Domestic abuse rises to ten-year high


A total of 930 incidents were recorded by police in the region in the last financial year, a ten-year high and 16 per cent up on 2011/12.

The year-on-year rise was the second highest in Scotland, with only police in Aberdeenshire recording a bigger jump in the number of reported incidents.

Despite the increase, Andrea Beavon, Violence Against Women co-ordinator at SBC said the rise could be seen as a positive, with more people feeling confident enough to report incidents because of the ‘robust response’ of the police and the availability of support services locally.

She added: “With the Pathway Project over 60 per cent of our referrals come direct from the police, and we don’t leave victims hanging at the end of a police incident - we proactively get people into the service and contact them within 24 hours.”

Ms Beavon also emphasised that domestic abuse does not necessarily involve violence.

“Family, friends and work colleagues need to understand that because someone is not coming in with a black eye and a cut lip that they are not a victim of domestic abuse, and that is something we need to get people in the Borders to realise,” she said.

Responding to the figures, John Lamont MSP said: “These statistics are undoubtedly concerning, and show that we are not getting to grips with the problem of domestic abuse in our region.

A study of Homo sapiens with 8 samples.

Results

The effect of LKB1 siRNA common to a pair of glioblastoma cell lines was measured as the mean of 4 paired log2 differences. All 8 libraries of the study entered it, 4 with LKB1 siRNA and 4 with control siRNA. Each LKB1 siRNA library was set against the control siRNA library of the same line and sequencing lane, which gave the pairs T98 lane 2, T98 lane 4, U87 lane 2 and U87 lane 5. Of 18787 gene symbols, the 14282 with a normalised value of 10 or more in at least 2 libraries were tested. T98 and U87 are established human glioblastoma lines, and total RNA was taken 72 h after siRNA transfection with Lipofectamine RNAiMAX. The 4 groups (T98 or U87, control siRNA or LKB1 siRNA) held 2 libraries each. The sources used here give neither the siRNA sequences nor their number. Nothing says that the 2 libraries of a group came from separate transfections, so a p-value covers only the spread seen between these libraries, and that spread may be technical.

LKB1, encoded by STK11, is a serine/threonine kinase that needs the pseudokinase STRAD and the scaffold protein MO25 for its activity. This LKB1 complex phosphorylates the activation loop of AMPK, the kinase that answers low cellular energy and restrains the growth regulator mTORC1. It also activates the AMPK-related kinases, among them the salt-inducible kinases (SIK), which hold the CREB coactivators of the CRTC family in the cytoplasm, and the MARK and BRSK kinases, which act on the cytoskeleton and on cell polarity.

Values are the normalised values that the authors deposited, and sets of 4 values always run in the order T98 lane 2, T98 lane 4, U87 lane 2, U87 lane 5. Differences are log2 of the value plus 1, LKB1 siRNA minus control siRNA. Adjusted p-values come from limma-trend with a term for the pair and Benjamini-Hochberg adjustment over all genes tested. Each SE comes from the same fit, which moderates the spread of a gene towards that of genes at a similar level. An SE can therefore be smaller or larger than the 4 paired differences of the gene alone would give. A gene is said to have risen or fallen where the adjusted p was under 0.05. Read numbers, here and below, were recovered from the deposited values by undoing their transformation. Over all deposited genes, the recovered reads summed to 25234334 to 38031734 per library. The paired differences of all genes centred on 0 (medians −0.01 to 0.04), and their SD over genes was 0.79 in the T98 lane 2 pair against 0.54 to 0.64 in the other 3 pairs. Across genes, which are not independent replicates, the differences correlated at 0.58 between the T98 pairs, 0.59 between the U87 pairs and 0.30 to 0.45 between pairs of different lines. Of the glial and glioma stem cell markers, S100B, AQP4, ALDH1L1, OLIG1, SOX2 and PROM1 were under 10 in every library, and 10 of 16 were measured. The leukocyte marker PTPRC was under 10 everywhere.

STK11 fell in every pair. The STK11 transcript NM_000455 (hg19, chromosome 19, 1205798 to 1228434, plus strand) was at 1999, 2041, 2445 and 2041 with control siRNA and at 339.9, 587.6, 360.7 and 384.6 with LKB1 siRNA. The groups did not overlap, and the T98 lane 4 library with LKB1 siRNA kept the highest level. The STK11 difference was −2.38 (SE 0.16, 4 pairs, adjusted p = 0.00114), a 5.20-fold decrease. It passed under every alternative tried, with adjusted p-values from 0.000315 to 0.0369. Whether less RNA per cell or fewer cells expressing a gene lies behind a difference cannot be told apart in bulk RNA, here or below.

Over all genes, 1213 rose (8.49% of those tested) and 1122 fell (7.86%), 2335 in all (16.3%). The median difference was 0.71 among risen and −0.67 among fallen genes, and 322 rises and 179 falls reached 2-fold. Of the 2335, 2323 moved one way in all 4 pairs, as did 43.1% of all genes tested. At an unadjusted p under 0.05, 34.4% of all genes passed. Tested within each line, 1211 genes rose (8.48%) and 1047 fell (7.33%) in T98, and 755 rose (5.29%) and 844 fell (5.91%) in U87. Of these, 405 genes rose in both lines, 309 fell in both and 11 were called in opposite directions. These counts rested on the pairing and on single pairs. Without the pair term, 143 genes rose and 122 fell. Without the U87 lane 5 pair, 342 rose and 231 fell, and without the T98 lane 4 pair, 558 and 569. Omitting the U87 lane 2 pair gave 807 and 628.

“It is a vile crime to commit, and to see that the number of reported cases is at a ten-year high shows that it is becoming more prevalent than ever.”

The statistics also revealed that of all the incidents recorded by Lothian and Borders Police, 60 per cent involved victims of previous domestic abuse.

However, of the 10,703 incidents reported to the local force, as it was then, less than 30 per cent were recorded as actual offences.

Mr Lamont said: “It is down to us as a society to help these individuals out, but we are failing to do this if we let those who abuse to re-offend time and again.”

He added: “Each person who reports a case of domestic deserves our full support. Not only do they need to be given an option to escape their situation, we also need to come down hard on those committing these offences.”